Not all students will be scientists, but scientific understanding will be crucial for all students preparing to be college- and career-ready in the 21st century, according to education experts writing in the 19 April issue of the journal Science.
The “Grand Challenges in Education” special section explores the opportunities and obstacles facing science, technology, engineering and mathematics (STEM) education, at a time of high interest in the field.
Last week 26 states, with several institutional partners including AAAS, released the Next Generation Science Standards , designed to prepare students for analyzing a wealth of scientific data and using the scientific tools they will encounter as adults.
In keeping with some of the Next Generation Science Standards proposals, Noah Feinstein from the University of Wisconsin-Madison suggests  a shift from the current focus on skills that are specific to STEM careers to broader approaches that help students use science in their everyday lives. He outlines some strategies for attracting “competent outsiders” or students who are not pursuing STEM careers but still recognize when science is relevant to them.
“I think we need to understand that ‘making a connection to real life’ is not just another way to teach science,” Feinstein said. “It’s one of the most important skills that students can develop…It’s very important to help students build their own enduring interest in science.”
Meanwhile, the resources available to students and teachers alike continue to evolve. Traditional physical laboratories as well as new virtual laboratories on the Web have been shown to offer their own unique pros and cons. Ton de Jong from the University of Twente in the Netherlands, along with colleagues in the U.S. and Cyprus, offer  recommendations for combining the two lab settings to strengthen science education.
“Combining physical and virtual laboratories doesn’t only provide ‘the best of both worlds,’ but it also seems to lead to better conceptual knowledge,” said de Jong. “There are indications that, if students use a virtual lab first, they profit more from the subsequent real lab.”
Public school teachers also need the best tools available for keeping up with the ever-evolving landscape of science education, said Suzanne Wilson from Michigan State University, who noted that more professional development  for science teachers will be critical for meeting the Next Generation of Science Standards. Opportunities such as summer institutes, coaching, mentoring and research experiences with practicing scientists have all been shown to improve teachers’ knowledge and practice, as well as students’ science achievement, she said.
Children raise their hands at a school in the Busia district. From the project “The Impact of Distributing School Uniforms on Children’s Education in Kenya.” This image relates to the special section article by Dr. Michael Kremer and colleagues. [Image courtesy of Aude Guerrucci]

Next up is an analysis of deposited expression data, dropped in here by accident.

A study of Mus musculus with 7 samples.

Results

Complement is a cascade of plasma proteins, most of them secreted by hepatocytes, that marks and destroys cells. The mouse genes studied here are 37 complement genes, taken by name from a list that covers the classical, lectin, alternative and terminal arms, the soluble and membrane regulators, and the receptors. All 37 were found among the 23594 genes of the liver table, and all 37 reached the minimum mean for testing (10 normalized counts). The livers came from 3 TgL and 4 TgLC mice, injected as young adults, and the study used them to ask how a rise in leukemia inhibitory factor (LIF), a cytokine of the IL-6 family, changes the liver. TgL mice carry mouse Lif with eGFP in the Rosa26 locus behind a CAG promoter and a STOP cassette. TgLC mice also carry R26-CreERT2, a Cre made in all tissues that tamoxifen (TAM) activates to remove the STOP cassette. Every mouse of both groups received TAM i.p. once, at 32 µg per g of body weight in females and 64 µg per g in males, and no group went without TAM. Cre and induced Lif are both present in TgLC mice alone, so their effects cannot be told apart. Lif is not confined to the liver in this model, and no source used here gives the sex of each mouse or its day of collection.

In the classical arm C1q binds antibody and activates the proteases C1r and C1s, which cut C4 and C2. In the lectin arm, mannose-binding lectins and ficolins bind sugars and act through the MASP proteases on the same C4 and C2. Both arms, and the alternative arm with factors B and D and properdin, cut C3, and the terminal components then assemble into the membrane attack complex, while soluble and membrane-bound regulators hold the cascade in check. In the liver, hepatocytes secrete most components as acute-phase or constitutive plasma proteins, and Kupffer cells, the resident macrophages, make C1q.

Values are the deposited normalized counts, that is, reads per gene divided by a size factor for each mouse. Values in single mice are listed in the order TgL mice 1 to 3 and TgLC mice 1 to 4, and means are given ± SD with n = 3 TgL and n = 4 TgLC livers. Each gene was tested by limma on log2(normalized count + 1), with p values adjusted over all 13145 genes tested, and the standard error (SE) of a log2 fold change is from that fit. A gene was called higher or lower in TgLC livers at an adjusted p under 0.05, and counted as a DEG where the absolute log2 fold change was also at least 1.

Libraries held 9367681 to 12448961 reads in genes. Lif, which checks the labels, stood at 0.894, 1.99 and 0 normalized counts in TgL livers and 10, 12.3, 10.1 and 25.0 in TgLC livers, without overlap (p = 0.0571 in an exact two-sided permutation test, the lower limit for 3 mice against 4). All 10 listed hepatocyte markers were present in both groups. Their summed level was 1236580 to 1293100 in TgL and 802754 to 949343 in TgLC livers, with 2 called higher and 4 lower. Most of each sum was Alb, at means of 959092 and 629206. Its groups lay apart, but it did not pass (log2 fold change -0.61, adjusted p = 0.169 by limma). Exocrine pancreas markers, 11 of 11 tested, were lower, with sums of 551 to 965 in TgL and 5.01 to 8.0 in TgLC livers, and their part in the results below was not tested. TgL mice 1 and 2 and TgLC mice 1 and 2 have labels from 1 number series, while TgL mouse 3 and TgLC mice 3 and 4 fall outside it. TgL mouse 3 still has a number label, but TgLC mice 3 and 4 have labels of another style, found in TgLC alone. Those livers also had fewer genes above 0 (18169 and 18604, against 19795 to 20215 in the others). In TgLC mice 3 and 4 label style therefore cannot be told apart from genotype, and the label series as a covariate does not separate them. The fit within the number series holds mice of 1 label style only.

STEM education could likewise benefit from a bold new brand of teacher leadership, called “teacherpreneurs ,” said Barnett Berry from the Center for Teaching Quality in Carrboro, North Carolina. These new educators teach regularly, but also have the time and space to communicate their ideas and best practices to other teachers, administrators, policymakers and parents.
“The most trusted source for a teacher is another teacher,” Berry explained. “Therefore, we need more people who teach children regularly to be resources for their colleagues…Right now, there is a premium placed on teachers who come and go, unfortunately.”
Berry and other experts writing in the special issue highlight the need for participation from all facets of society in order to improve science education, including in developing countries.
The developing world poses unique challenges to students, schools and learning in general, but recent evaluations have highlighted some innovative strategies that seem to enhance education regardless of geographic location or resource availability, according to Michael Kremer and colleagues. The authors explain  that school participation is cost-sensitive, and that factors like merit scholarships, conditional cash transfers and reducing out-of-pocket costs can give such participation a boost. On the other hand, issues like chronic health problems, crumbling school buildings and inattentiveness on the part of teachers still threaten to blunt education’s impact around the world.
“Turning the fire of the natural curiosity of students into effective, flexible and well-grounded outcomes will take a concerted effort by many different actors,” Science editors Pamela Hines, Jeffrey Mervis, Melissa McCartney and Brad Wible write in their introduction to the special section. “Among them, scientists must play a central role.”
Read the special section, “Grand Challenges in Education. ” (All articles in the special section are free with registration.)
Listen to a related Science Podcast  with special section authors Ton de Jong and Noah Feinstein.